Regular initial state unemployment claims fall to lowest levels since mid-march | #fraudprevention | #corporatefraud | ceo


County continued claims fall

CARSON CITY, NV – Finalized data from the Nevada Department of Employment, Training and Rehabilitation (DETR) show initial claims for unemployment insurance (UI) totaled 8,858 for the week ending Aug. 22, down 2,080 claims, or 19.0 percent, compared to last week’s total of 10,938 claims. This is the fewest initial claims filed since the week ending March 14. Through the week ending August 22, there have been 662,510 initial claims filed in 2020, 640,716 of which have been filed since the week ending March 14.

Continued claims, which represent the current number of insured unemployed workers filing weekly for unemployment insurance benefits, fell for the second straight week to 228,203, a decline of 12,143 claims, or 5.1 percent, from the previous week’s total of 240,346. This is the fewest continued claims since the report week ending April 11 when there were 189,007 claims filed.

Lincoln County reported five initial claims for the week ending Aug. 22. That is slightly up from four during the previous week. The county had 55 continued claims, down significantly from 86.

Nevada’s insured unemployment rate, which is the ratio of continued claims in a week to the total number of jobs covered by the unemployment insurance system (also known as covered employment), fell by 0.9 percentage points to 16.4 percent. It should be noted that the calculation of the insured unemployment rate is different from that of the state’s total unemployment rate.

The Pandemic Unemployment Assistance (PUA) program, which provides up to 46 weeks of benefits for the self-employed, 1099 contract workers, and gig workers saw 10,871 initial claims filed in the week ending August 22, a decrease of 1,485, or 12.0 percent, from last week’s total of 12,356. This is the fewest PUA initial claims filed in a week since the start of the program. Through the week ending August 22, 420,936 PUA initial claims have been filed.

PUA continued claims totaled 107,334 in the week ending August 22, a decline of 12,862 from the previous week’s revised total of 120,196. Weekly PUA continued claims are now reported by the benefit week claimed. This follows the reporting procedure for regular continued claims and allows us to understand the number of unemployed workers filing weekly for PUA benefits.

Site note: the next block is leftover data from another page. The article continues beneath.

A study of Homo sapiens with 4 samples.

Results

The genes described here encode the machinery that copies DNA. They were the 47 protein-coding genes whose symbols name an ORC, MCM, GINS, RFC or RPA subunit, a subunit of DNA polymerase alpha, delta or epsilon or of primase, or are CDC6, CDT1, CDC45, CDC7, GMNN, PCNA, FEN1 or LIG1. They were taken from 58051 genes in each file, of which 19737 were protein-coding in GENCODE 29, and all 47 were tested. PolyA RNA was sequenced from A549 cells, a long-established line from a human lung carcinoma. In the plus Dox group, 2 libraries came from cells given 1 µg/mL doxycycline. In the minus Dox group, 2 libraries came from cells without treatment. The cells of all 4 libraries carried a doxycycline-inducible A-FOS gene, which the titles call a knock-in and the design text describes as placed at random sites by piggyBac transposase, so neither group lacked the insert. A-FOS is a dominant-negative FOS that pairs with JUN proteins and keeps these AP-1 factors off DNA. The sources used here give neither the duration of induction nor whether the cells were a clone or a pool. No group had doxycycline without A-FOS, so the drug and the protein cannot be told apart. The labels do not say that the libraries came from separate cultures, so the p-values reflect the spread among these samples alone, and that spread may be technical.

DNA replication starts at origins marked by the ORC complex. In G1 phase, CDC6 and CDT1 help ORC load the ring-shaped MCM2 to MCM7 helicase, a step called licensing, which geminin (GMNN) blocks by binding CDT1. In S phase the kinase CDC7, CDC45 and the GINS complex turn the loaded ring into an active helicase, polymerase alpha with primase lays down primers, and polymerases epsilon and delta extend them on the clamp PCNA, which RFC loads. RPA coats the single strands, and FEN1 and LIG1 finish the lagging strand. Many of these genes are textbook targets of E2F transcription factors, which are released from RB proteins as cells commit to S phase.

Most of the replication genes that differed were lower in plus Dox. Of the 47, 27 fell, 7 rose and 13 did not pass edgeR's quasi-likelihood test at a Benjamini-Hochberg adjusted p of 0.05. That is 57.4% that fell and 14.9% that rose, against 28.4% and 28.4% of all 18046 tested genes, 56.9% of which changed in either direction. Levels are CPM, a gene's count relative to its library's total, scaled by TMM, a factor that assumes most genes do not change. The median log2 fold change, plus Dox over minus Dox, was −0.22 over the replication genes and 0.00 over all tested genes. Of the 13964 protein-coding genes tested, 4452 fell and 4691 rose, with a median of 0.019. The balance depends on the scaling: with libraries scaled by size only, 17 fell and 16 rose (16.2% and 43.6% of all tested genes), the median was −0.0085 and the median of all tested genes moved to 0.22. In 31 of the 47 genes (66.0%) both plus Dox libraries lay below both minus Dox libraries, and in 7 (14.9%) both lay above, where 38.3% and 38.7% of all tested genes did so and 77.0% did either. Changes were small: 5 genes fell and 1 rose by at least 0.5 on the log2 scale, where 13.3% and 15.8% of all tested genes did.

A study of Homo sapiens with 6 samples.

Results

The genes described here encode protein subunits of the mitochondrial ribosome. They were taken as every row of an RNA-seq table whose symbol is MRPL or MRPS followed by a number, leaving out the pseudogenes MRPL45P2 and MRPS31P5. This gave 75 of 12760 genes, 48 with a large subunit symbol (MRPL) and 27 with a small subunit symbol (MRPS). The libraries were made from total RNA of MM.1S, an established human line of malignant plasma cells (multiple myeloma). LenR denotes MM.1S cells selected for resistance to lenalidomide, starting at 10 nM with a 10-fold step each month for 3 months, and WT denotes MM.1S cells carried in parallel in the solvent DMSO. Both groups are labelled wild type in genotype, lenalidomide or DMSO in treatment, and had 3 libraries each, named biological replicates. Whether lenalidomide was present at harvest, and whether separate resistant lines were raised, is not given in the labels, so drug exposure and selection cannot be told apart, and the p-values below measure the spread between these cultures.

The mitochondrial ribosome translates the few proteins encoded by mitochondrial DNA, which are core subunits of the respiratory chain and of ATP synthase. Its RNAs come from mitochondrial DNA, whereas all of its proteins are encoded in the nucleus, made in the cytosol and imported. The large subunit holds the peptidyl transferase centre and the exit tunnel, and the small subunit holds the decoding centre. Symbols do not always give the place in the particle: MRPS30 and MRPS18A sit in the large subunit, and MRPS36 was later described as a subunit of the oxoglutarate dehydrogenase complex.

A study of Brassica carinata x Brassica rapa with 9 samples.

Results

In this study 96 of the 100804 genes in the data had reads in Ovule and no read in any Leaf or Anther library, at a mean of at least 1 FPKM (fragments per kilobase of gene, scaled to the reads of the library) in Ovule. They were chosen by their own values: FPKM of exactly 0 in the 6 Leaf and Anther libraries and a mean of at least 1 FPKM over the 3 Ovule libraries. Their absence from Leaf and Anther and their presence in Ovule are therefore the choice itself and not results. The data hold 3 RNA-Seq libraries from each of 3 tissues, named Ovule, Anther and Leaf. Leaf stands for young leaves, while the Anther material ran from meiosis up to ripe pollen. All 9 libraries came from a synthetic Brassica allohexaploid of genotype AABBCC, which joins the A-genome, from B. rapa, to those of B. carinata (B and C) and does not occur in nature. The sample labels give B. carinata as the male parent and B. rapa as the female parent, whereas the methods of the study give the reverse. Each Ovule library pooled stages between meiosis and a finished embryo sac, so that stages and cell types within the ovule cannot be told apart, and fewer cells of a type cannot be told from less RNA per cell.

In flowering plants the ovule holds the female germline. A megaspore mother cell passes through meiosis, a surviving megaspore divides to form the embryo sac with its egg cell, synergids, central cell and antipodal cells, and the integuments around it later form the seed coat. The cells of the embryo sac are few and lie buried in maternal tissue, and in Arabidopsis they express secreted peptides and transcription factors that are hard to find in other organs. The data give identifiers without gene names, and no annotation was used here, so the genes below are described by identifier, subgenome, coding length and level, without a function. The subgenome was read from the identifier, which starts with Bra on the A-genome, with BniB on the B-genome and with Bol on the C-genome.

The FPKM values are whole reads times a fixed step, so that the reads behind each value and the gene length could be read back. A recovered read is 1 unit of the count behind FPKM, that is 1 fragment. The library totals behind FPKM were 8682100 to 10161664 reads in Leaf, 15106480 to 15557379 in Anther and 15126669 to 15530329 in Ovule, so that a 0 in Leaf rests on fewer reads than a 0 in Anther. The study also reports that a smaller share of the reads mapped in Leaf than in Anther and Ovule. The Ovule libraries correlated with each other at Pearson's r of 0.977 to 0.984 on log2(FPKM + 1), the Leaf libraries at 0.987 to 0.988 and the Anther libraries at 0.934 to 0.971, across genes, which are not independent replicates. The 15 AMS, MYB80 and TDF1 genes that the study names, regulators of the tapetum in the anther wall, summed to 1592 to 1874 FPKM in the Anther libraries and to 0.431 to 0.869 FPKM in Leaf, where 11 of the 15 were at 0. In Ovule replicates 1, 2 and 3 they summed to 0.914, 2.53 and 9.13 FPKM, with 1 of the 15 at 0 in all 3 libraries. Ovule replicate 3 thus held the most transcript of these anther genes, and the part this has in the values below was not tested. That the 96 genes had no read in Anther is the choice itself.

Nevada’s Pandemic Emergency Unemployment Compensation (PEUC) program, which provides up to 13 weeks of benefits to individuals who have exhausted their regular unemployment benefits, saw 21,365 claims filed in the week, an increase of 1,837 claims from a week ago.

Nevada’s State Extended Benefit (SEB) program, which provides up to 20 weeks of benefits to individuals who have exhausted both their regular unemployment benefits and PEUC program benefits, saw 2,338 claims filed in the week, an increase of 861 claims from a week ago.

Nationally, the advance figure for seasonally adjusted regular initial claims was 1,006,000 a decrease of 98,000 claims from the previous week’s revised level of 1,104,000. The national insured unemployment rate for the week ending August 15 was 9.9 percent, a decrease of 0.2 percentage points from the previous week’s revised rate. The national rate is reported with a one-week lag.

Unemployment filing is available at http://ui.nv.gov/css.html or (888) 890-8211. Claimants are encouraged to file online, if possible. 

For Nevada workers who are self-employed, 1099 contract workers, and gig workers, Nevada’s Pandemic Unemployment Assistance program (PUA) is available. For further information regarding the PUA program visit detr.nv.gov/pua#. Individuals can file online at www.employnv.gov or call the PUA Call Center at (800) 603-9681.

Employers and individuals who believe they have been a victim of unemployment fraud, can file a report with the agency by visiting www.detr.nv.gov  and selecting the Fraud Reporting Form on the left under “Quick links.”

DETR recently announced that Nevada submitted its application for the Lost Wages Assistance (LWA) Grant Program created by President Donald Trump under Robert T. Stafford Disaster Relief and Emergency Assistance Act. The State of Nevada’s initial request for LWA is for approximately $300 million. If the application is approved, the grant will provide eligible claimants up to an additional $300 per week in temporary supplemental financial support for the first three weeks of August.

Under the terms of the President’s memorandum issued on Aug. 8, only claimants whose unemployment is COVID-related are eligible, and those who are currently receiving less than $100 in weekly unemployment benefits are not eligible for the supplemental benefit.  

If the State of Nevada’s application is approved, the State will immediately begin working on the necessary technology changes to the current system to accommodate the new program, DETR stated. The LWA Grant Program, which is administered by Federal Emergency Management Agency (FEMA), has a spending cap of $44 billion. Once the allocation is exhausted, benefits will end. Thus, states must reapply each week after the first three weeks, giving FEMA the opportunity to calculate the program’s remaining balance after the first round of grants. The program also would be halted if FEMA’s Disaster Relief Fund balance drops below $25 billion.Additionally, DETR announced that applications have been submitted to the U.S. Department of Labor (DOL) for approximately $1.7 million under two federal grants to support fraud investigations and other fraud detection-related activities, including implementing tools to increase prevention, detection and recovery of any fraudulent or improper payments in the Pandemic Unemployment Assistance (PUA) and Pandemic Emergency Unemployment Compensation (PEUC) programs.